Can Telehealth Revolutionize the Definition of Value?

The opportunities for telehealth to radically transform the healthcare system are enormous, but the foremost priority of these innovations must be the delivery of value, said Reed V. Tuckson, MD, FACP, at the National Committee for Quality Assurance Quality Talks conference in Washington, DC, on Monday.

The opportunities for telehealth to radically transform the healthcare system are enormous, but the foremost priority of these innovations must be the delivery of value, said Reed V. Tuckson, MD, FACP, at the National Committee for Quality Assurance (NCQA) Quality Talks conference in Washington, DC, on Monday. Tuckson, the managing director of Tuckson Health Connections, LLC, outlined telehealth’s present and potential role in healthcare during the day’s final presentation, “Telehealth is Revolutionizing Care Delivery: Can It Change the Value Definition?”

Tuckson began his session, which wrapped up the “Health Plan of the Future” segment of the Quality Talks, by proclaiming that telehealth had moved from being a niche or novelty tool into the mainstream. Now, he said, healthcare professionals must deal with it “seriously, thoughtfully, intelligently” so the incredible potentials of telehealth are not wasted.

Many of the problems the healthcare industry faces, Tuckson said, could be alleviated with advances in telehealth, such as the mismatch between demand and provider availability, particularly in rural areas. The current shift from fee-for-service to population care “demands and requires not only new information, but new abilities to connect across the continuum.”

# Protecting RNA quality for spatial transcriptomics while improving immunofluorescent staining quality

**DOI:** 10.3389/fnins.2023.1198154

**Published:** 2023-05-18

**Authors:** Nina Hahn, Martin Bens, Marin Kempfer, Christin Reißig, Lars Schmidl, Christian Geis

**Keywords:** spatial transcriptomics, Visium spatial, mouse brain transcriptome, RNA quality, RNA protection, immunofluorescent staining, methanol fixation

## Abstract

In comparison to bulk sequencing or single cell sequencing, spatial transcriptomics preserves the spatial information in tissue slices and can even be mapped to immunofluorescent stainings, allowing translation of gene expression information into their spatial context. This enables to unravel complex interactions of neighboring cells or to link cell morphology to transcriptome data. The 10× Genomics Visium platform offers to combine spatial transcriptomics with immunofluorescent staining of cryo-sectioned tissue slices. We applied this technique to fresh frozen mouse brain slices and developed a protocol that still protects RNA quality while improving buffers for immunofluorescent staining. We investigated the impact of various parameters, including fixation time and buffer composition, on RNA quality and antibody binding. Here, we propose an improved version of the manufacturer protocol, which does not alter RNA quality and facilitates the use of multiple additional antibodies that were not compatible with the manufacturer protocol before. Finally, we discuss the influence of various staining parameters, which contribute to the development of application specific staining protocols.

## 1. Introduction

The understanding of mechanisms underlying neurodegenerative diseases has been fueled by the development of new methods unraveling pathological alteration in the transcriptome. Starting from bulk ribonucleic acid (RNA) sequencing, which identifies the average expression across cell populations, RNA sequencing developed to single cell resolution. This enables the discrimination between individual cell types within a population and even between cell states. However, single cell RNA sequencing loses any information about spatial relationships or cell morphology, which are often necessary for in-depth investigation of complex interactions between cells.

This concept of connection was where Tuckson saw the most opportunity for growth in telehealth in the coming years, as advances in cloud computing, social networking, gamification, artificial intelligence, and data analytics would allow the healthcare industry to interact with patients in unprecedented ways. This would result in a “true consumer-centered model” as healthcare started to expand outside of its traditional boundaries.

He acknowledged that all stakeholders need to do their part in seeing telehealth through to its full potential, especially physicians, whose support is “crucial.”

“They’re the hard ones to get to embrace [telehealth],” Tuckson said, as it’s “out of their comfort zone.”

However, physicians are not the only ones who must work to nurture the growth of telehealth. Payers need to establish consistent medical codes for telehealth services, and state licensing boards must determine how to regulate a system that “transcends state lines,” since the practitioner and the patient could be thousands of miles apart. Engineers developing the devices’ technology and design must partner with healthcare providers to ensure the new tools “fit seamlessly into the workflow.”

“The telehealth movement is now mainstream,” Tuckson repeated. However, he cautioned, “we need to make sure that we do not get caught in innovation for innovation’s sake. Innovations must always meet the criteria of delivering value.”

NCQA president Margaret E. O'Kane agreed that the responsibility is on providers to ensure telehealth reaches its full potential.

“You are the ones that are going to make innovation meaningful when you plug it into the way you relate to patients,” she said after Tuckson’s presentation.